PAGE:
Graduate Research Fellowship in Science, Technology, Engineering, and Mathematics
Grants to USA and Territories IHEs for STEM
Doctoral Research Related to Criminal Justice
Doctoral Research Related to Criminal Justice
US Department of Justice (DOJ) - Office of Justice Programs (OJP) - National Institute of Justice (NIJ)
11/21/16 11:59 PM ET
Grants of up to $50,000 to USA and territories higher education institutions to support a graduate research fellowship addressing crime prevention and control, public safety, and fair administration of criminal justice. Institutions may sponsor fellowships for doctoral students in the science, technology, engineering, and math (STEM) disciplines. The student’s proposed research must have demonstrable implications for addressing the challenges of crime, and/or the fair and impartial administration of criminal justice in the United States.
Awards are anticipated to be made to successful applicant institutions in the form of grants to cover fellowships for the sponsored doctoral students. NIJ provides the degree-granting institution a stipend of $35,000 usable toward the student’s salary and related costs, and up to $15,000 to cover the student’s tuition and fees, research expenses, and related costs.
Expected Number of Awards: 20
Each year of support (i.e., the initial award, and possibly second and third-year supplements) includes a $35,000 allowance usable toward a salary/stipend for the student and related costs, and up to $15,000 to cover the student’s tuition and fees, research expenses, and related costs.
Although the initial award is only for one year of funding, each fellowship potentially provides up to three years of support usable over a five-year period.
The applicant institution will have to reapply on behalf of the student for each additional year.
- See RFP and/or Grant Guidelines for full eligibility
- Single entities
Eligible applicants are limited to degree-granting academic institutions in the United States and its territories.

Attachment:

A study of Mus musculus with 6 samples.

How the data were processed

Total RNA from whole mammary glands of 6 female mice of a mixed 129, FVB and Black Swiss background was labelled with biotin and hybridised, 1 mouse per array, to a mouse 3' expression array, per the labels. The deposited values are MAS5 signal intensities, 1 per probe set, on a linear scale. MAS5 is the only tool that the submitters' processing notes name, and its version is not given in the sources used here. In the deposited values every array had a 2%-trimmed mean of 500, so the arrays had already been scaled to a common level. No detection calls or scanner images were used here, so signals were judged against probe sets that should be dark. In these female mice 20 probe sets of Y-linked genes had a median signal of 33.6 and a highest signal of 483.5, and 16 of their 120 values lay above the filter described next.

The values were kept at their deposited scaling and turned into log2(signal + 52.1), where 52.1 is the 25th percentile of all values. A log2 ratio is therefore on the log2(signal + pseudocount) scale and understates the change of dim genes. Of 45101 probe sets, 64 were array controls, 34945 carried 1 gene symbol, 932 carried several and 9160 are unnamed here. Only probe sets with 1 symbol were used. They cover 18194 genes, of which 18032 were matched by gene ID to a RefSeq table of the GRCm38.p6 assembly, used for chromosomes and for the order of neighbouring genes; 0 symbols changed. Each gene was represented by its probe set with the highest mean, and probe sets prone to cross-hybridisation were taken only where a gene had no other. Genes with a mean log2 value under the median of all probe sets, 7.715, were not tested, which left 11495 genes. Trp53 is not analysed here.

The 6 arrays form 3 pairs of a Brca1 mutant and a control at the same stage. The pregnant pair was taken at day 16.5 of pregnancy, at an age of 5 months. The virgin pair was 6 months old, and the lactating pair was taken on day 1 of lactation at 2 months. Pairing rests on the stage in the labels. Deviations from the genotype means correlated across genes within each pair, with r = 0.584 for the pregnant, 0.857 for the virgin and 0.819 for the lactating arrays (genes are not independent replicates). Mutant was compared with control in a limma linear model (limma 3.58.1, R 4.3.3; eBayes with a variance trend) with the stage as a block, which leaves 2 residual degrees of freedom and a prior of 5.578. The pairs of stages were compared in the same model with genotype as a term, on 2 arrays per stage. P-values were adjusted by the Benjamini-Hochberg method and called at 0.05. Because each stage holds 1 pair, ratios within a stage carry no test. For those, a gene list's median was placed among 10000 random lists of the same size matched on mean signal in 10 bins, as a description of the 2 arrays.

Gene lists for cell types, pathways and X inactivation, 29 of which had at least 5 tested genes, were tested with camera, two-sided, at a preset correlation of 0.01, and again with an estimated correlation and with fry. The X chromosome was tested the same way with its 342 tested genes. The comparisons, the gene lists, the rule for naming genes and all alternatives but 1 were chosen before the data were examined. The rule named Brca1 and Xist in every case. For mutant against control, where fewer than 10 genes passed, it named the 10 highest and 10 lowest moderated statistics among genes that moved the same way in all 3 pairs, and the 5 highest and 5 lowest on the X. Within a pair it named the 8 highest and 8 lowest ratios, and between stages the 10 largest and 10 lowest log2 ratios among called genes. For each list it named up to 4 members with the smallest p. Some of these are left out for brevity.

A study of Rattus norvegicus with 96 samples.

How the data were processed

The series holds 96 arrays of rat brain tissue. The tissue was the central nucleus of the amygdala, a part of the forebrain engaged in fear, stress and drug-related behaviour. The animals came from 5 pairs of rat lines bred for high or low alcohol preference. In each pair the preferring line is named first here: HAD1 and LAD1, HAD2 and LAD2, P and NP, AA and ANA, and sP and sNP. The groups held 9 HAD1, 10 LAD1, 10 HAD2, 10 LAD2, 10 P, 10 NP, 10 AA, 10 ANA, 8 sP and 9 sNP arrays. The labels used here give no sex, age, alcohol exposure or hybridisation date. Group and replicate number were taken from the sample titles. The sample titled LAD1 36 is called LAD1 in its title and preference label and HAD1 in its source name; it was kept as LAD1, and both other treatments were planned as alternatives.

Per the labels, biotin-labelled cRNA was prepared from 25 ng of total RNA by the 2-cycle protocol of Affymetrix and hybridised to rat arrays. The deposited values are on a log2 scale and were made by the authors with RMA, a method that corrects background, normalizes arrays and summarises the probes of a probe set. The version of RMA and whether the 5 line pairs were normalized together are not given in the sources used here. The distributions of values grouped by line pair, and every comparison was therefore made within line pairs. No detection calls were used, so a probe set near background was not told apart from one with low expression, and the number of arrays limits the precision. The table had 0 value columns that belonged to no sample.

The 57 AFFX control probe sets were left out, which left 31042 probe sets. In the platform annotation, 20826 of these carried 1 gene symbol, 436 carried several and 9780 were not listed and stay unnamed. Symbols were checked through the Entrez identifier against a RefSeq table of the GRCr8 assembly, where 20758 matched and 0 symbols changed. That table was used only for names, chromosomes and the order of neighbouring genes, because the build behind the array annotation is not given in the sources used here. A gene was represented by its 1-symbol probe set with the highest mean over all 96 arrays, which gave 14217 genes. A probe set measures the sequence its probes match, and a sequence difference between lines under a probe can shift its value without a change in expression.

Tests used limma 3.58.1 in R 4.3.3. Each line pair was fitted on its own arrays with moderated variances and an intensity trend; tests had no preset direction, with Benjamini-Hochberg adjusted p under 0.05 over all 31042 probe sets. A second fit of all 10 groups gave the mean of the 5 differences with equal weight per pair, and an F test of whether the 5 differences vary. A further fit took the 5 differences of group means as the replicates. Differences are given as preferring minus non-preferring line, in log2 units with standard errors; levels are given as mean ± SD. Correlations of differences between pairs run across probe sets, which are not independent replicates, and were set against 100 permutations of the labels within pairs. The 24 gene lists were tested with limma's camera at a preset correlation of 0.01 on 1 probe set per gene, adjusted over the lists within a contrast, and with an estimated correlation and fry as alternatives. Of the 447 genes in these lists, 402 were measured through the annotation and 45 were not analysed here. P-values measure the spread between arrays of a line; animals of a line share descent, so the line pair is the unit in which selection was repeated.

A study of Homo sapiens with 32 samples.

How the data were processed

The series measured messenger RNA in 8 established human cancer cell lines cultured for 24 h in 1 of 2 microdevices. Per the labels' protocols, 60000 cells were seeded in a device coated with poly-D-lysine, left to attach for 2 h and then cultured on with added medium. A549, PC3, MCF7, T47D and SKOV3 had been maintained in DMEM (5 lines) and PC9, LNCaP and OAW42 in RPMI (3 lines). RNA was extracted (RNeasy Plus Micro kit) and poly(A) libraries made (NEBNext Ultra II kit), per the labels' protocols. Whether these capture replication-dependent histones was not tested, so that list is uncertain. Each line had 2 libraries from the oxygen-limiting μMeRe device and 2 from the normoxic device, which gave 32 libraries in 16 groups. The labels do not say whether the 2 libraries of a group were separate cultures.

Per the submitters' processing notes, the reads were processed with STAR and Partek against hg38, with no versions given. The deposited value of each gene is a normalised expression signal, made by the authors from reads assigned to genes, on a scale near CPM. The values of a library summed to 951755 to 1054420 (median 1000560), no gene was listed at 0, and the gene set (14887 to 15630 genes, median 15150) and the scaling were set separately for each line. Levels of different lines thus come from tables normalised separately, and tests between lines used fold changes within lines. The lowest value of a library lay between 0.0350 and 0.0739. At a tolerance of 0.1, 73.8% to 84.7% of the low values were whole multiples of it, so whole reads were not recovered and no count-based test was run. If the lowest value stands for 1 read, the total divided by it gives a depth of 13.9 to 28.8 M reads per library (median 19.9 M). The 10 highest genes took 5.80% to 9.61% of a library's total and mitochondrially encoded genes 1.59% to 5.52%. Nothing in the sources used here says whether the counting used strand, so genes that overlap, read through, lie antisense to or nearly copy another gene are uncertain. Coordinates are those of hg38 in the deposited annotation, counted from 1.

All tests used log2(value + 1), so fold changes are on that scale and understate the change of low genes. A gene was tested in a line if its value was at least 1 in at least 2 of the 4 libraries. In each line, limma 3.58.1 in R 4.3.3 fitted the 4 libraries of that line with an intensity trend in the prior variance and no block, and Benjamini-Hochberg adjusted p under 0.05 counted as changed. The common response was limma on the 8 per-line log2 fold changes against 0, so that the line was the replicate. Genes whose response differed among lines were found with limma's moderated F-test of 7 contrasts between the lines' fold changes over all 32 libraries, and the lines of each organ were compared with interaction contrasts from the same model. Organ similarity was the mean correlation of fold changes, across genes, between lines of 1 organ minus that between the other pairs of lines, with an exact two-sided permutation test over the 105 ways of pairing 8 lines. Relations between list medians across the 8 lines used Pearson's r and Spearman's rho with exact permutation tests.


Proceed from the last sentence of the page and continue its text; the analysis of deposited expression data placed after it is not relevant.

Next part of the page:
To be eligible, the institution must be fully accredited by one of the regional institutional accreditation agencies recognized by the U.S. Secretary of Education.
Under this solicitation, the applicant institution must apply as the sponsoring institution for the doctoral candidate conducting criminal justice-related research in a discipline relevant to NIJ’s mission.
NIJ may elect to make awards for applications submitted under this solicitation in future fiscal years, dependent on, among other considerations, the merit of the applications and on the availability of appropriations.
The graduate student must:
-Be enrolled full-time in a doctoral degree program in a STEM discipline at the eligible academic institution; and
-Propose a dissertation research topic that is relevant to addressing the challenges of crime, and/or the fair and impartial administration of criminal justice in the United States (see What an Application Should Include).
The doctoral student need not have a dissertation committee at the time the application is submitted, nor is it necessary for the student’s dissertation topic to have been accepted by the committee. However, if the application is selected for award, grant funds will be withheld until the applicant academic institution submits proof that the student’s dissertation topic has been accepted by the committee and that it is substantively the same as that proposed in the application.
If the doctoral student has an approved topic at the time of application, then it should be noted in a statement of support from the doctoral student’s dissertation committee chair (see Dissertation Committee Chair Requirements). If the doctoral student’s topic has not been approved at the time of application, then the expected dates by which the doctoral student will meet this requirement should be indicated in the project timeline (see “Proposed project timeline and expected milestones” under Appendices). In addition, the doctoral student’s faculty advisor, department chair, departmental director of graduate studies, or an individual with similar responsibilities must submit a statement of support at the time of application. That statement of support should generally follow the outline provided below for the statement of support from the dissertation committee chair, including all relevant elements.
Applicants must register with Grants.gov prior to submitting an application. All applications are due to be submitted and in receipt of a successful validation message in Grants.gov by 11:59 PM Eastern Time on November 21, 2016.
View this opportunity on Grants.gov: http://www.grants.gov/web/grants/search-grants.html?keywords=NIJ-2017-10740
Before starting your grant application, please review the funding source's website listed below for updates/changes/addendums/conferences/LOIs.